The tour bus of California's speed metal band Metallica crashed on an icy road in southern Sweden, instantly killing bass player Cliff Burton.

The three remaining musicians — singer/guitarist James Hetfield, lead guitarist Kirk Hammett and drummer Lars Ulrich — escaped with only minor injuries.

Metallica's future looked dark, even doomed. But the bandmembers knew they weren't part of rock history yet. Just two weeks later, they put out the word that they were auditioning for a new bassist.

More than 60 hopefuls from around the United States turned up in San Francisco for two weeks of auditions in October. Twenty-three-year-old Jason Newsted of Phoenix, Ariz., got the job.

"I'm the happiest kid in the world, there's no question about it," said Jason in a recent interview backstage at the Stadthalle in Offenbach, Germany. "But it still hasn't hit me yet. It's still too weird, because these guys have been my favorite band since 1982."

After a few warm-up gigs in California and a tour of Japan, Metallica returned to Europe to finish the tour where it had left off.

Metallica knew that some fans might feel the band had acted too quickly following the accident, but as Jason sees it, "it was the best thing they could do."

"They would have hung around and just dwelled on it. And if you dwell on something that hard, it could really mess you up forever," he said. "Cliff would have been the first to say, 'Get it together.' "

Jason is no newcomer to the rock music scene. Five years with the Phoenix band Flotsam and Jetsam gave him the skill and speed he needed to compete with the best of the metal bassmen.

He had just four days to practice for the audition. But instead of learning only the four required songs — Master of Puppets, For Whom the Bell Tolls, Sanitarium and, his favorite, Damage Incorporated — Jason went one step further. A friend from a local heavy metal magazine supplied him with Metallica's entire set list, and Jason learned it all.

"I practiced more than 10 hours a day for four days

straight," he recalled. "I locked myself in my room with my amp and guitar and Metallica's tapes and a bunch of coffee and learned everything."

The Japan tour presented no problem for Jason, since Metallica was virtually unknown in that country. It was a gig at New York City's 5,000-capacity Felt Forum that made him sweat.

"Cliff was a great player, the bass solo god of the world, and I was worried about whether the kids were gonna accept me," he said. "I had only done four or five bass solos up 'til then, and James goes, 'O.K., we're gonna make the new ---- do a solo.' I was sweating. Then all of a sudden — I look out there and there's this huge banner the kids have, it says, 'Welcome Jason, Cliff rest in peace.'

"I proved to them that Metallica is an unstoppable force and that I could fill in and we could keep pounding on."

Metallica was formed in October 1981 by Danish drummer Lars and singer James. Based in Los Angeles, the two recorded their first track, Hit the Lights, for a heavy metal compilation album. The song quickly reached the top of the underground metal charts.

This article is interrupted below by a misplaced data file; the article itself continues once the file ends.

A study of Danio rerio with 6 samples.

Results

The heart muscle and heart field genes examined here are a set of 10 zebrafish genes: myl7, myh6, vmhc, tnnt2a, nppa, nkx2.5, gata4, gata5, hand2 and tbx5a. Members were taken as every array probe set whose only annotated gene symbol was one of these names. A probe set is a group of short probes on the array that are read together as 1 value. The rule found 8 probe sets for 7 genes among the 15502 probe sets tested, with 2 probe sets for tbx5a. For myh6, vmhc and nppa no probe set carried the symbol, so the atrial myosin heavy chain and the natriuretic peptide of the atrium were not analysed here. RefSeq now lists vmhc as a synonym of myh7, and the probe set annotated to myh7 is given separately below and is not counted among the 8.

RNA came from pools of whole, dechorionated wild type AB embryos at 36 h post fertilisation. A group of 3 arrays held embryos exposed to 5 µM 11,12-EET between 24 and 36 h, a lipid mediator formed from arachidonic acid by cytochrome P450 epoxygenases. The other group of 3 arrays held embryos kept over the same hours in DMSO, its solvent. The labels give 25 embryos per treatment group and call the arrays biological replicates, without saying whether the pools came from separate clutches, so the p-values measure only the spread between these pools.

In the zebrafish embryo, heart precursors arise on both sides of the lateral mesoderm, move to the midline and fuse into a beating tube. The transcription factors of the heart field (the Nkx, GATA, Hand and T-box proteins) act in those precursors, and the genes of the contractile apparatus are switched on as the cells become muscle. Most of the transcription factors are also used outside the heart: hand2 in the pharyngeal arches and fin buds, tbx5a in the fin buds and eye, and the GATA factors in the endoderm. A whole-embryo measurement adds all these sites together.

In 1982, Cliff replaced bassist Ron McGovney, and a year later Kirk took the place of guitarist Dave Mustaine. With the new lineup, Metallica earned a reputation as the fastest band in the West.

Relentless touring in the U.S. and Europe, opening for such acts as Venom, Armoured Saint and W.A.S.P., and the success of their two albums — Kill 'Em All and Ride the, Lightning- established Metallica as California's No. 1 speed metal band.

But it was with Master of Puppets that Metallica was able to broaden their legion of fans. The album hit the Top 30 of the Billboard charts, selling in excess of half a million copies, and prompted even Rolling Stone magazine to praise it for its "subtlety, musicianship (and) messages."

Jason is already in tune with the Metallica philosophy. "We don't try to put ourselves off as larger than-life gods, like Kiss or Bon Jovi or whoever's big right now," he said. "We're just kids, just like the kids who come to watch us. We just get to play more, that's all."

He despises the current glam-metal trend of glitzy costume and makeup, preferring to appear on-stage in typical Metallica style: jeans and T-shirt. For one thing, he said, the costumes are uncomfortable, but most of all, "it ain't real."

Neither does Jason espouse the stereotypical heavy metal credo. "Either side of the fence, if bands use the Jesus thing for a gimmick or the satan thing for a gimmick — and they don't feel it — it's stupid.

"James writes about things that matter to him, things that are real, that maybe make a difference to some people.."

Master of Puppets, for instance, is "about manipulation — whether it's by the government or churches or drugs or people or bosses."

One thing's for sure: Metallica will never join in the race for a No. 1 hit single. There's no pressure from the record company for them to do so, and, said Jason, "I don't think any of that really matters.

"We just wanna create cool stuff and play it and just have fun. Because that's what it's all about."